Not Real News

This 2014 illustration made available by the U.S. Centers for Disease Control and Prevention depicts a polio virus particle. 

CLAIM: Polio stopped spreading when the pesticide DDT stopped being used, not when vaccines for the virus were introduced.

THE FACTS: Polio and its side effects, including paralysis, have been widely demonstrated to be caused by the polio virus, not a pesticide, several medical experts confirmed to the AP. Social media users are misidentifying the cause of the viral disease, suggesting that a toxic agricultural pesticide is linked to the illness. But medical experts who study the disease say there’s no truth to this claim.

“Polio vaccines [both injectable and orally-administered] are the singular reason for the decline in the incidence of paralytic polio both here in the United States and across the globe,” said Dr. Olakunle Alonge, a professor in the Department of International Health at Johns Hopkins Bloomberg School of Public Health.

The viral disease, which mostly affected children, was once one of the nation’s most feared diseases. While some people exhibit flu-like symptoms, or no symptoms at all, severe cases can cause paralysis. Vaccines became available starting in 1955, and a national vaccination campaign cut the annual number of U.S. cases to fewer than 10 in the 1970s, according to the U.S. Centers for Disease Control and Prevention.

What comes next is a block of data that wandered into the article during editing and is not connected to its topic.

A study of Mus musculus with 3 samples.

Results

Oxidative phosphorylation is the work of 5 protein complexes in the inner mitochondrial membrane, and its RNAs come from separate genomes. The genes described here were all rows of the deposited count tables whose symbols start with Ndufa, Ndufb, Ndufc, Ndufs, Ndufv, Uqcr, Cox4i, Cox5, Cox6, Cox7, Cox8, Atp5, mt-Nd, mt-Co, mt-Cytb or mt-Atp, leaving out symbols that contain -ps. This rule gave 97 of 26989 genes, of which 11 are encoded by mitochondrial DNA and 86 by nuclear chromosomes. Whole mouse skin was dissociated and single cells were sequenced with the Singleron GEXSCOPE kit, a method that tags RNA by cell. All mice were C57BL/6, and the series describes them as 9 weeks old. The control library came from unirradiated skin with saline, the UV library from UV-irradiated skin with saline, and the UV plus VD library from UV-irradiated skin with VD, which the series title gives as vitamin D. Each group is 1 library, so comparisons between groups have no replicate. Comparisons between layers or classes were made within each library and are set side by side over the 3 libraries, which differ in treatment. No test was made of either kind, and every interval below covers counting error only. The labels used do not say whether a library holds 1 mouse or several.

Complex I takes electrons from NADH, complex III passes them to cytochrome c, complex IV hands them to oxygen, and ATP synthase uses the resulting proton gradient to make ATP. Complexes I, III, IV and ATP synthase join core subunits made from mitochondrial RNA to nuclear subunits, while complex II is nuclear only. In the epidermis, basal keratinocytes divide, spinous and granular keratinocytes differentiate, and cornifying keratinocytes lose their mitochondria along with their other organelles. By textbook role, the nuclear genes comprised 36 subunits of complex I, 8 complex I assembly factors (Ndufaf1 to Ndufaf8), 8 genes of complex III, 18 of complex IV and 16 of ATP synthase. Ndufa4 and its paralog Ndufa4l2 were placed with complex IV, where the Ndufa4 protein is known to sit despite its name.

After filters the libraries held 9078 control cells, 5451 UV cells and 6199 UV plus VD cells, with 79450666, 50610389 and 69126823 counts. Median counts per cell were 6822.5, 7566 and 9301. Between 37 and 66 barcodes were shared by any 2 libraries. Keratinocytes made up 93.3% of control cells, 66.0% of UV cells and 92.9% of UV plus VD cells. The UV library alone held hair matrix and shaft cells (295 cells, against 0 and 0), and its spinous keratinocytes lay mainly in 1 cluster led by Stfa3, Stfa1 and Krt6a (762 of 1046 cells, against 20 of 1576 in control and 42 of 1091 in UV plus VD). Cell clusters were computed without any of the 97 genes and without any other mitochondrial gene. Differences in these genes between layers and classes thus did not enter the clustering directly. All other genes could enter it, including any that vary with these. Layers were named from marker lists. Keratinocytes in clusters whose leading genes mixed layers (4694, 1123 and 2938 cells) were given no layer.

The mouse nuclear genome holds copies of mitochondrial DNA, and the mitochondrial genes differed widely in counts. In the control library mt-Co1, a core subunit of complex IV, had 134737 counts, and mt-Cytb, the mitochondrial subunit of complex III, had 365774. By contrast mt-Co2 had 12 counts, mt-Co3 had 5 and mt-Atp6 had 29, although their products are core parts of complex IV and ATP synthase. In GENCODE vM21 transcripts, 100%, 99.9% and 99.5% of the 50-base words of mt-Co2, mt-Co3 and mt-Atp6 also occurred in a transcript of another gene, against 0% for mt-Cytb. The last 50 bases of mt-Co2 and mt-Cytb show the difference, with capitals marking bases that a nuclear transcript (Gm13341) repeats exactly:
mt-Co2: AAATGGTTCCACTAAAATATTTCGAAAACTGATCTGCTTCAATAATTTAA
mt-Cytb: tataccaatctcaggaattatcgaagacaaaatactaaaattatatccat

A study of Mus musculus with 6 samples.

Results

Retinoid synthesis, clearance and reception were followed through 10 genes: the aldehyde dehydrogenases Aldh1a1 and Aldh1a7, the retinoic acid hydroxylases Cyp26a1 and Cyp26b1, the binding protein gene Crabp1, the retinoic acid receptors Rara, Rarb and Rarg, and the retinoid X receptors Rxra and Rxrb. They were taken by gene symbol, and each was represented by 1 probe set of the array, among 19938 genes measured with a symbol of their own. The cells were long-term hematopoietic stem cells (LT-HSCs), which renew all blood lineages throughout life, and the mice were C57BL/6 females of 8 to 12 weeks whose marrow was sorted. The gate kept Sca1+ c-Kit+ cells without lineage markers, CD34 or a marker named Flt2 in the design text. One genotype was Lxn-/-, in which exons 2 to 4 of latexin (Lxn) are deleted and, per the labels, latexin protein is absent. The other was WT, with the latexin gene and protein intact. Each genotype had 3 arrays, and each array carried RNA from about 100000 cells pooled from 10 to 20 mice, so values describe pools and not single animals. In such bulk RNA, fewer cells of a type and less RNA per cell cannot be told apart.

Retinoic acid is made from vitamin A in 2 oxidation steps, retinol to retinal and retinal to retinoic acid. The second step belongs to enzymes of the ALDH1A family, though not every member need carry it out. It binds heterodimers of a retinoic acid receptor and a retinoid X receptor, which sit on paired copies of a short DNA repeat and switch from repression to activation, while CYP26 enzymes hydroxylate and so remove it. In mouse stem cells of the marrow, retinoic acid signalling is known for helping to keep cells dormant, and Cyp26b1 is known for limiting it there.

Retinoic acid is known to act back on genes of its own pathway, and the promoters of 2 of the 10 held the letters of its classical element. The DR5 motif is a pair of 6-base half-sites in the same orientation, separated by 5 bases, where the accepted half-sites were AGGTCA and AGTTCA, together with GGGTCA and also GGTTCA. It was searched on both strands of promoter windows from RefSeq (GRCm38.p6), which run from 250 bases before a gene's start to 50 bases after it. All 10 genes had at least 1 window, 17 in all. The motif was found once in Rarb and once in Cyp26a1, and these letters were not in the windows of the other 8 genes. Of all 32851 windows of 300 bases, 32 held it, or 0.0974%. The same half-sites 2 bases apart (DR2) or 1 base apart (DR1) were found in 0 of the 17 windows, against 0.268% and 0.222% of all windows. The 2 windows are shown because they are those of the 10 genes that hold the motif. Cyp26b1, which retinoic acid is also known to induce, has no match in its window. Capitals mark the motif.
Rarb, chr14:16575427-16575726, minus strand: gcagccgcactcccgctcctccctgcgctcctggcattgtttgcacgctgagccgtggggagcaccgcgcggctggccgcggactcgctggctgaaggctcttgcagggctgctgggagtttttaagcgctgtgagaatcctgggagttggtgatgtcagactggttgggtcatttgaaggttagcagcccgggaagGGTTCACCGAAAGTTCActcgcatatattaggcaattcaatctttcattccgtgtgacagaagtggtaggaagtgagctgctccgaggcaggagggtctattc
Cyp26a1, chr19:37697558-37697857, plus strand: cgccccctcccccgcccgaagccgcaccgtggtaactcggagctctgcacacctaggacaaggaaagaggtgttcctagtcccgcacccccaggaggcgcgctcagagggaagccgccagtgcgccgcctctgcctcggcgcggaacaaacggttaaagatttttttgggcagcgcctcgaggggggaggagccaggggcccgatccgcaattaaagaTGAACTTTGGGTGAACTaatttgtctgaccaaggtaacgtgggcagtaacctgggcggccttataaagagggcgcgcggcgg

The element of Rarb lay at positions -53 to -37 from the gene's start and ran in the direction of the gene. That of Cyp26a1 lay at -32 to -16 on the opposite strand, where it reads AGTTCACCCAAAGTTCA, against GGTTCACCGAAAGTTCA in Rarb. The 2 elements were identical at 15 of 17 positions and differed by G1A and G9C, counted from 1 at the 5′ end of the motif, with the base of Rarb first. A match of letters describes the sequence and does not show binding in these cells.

In 1979, polio was declared eliminated in the U.S. That’s because of the wide administration of vaccines to fight the disease, emphasized Rosemary Rochford, a professor of immunology and microbiology who is the co-director of the University of Colorado medical school’s climate and health program. “The polio vaccine was directly responsible for the elimination of polio in the US,” she wrote in an email to the AP.

Meanwhile, DDT is an agricultural insecticide that was commonly used in the mid 1900s. It was banned by the U.S. Environmental Protection Agency in 1972 amid concerns about its adverse effect on the environment and its persistence in the food chain. It is also considered a possible carcinogen by the CDC. While historical accounts show that DDT was in some cases sprayed in towns in a misguided attempt to prevent the spread of the polio virus, this campaign was not effective.

“Polio the disease is caused by the polio virus,” Rochford wrote in an email to the AP. “DDT is a pesticide, so not clear how a pesticide could cause a viral infection. There is no mechanism that I know of that would have a pesticide cause an outbreak of polio.”

Alonge said the “misinformation” might be linked to some research that showed DDT may be associated with neurological effects, including leg paralysis, among those chronically exposed to high levels of the toxin. However, Alonge clarified that the paralysis caused by polio and the paralysis potentially caused by the pesticide are distinct and caused by different mechanisms. Alonge pointed out that those affected by paralysis from chronic DDT exposure don't match up with the population most affected by polio, either. Complications from DDT mainly affect farm workers, he said, not children in the general population.

— Associated Press writer Sophia Tulp in New York contributed this report.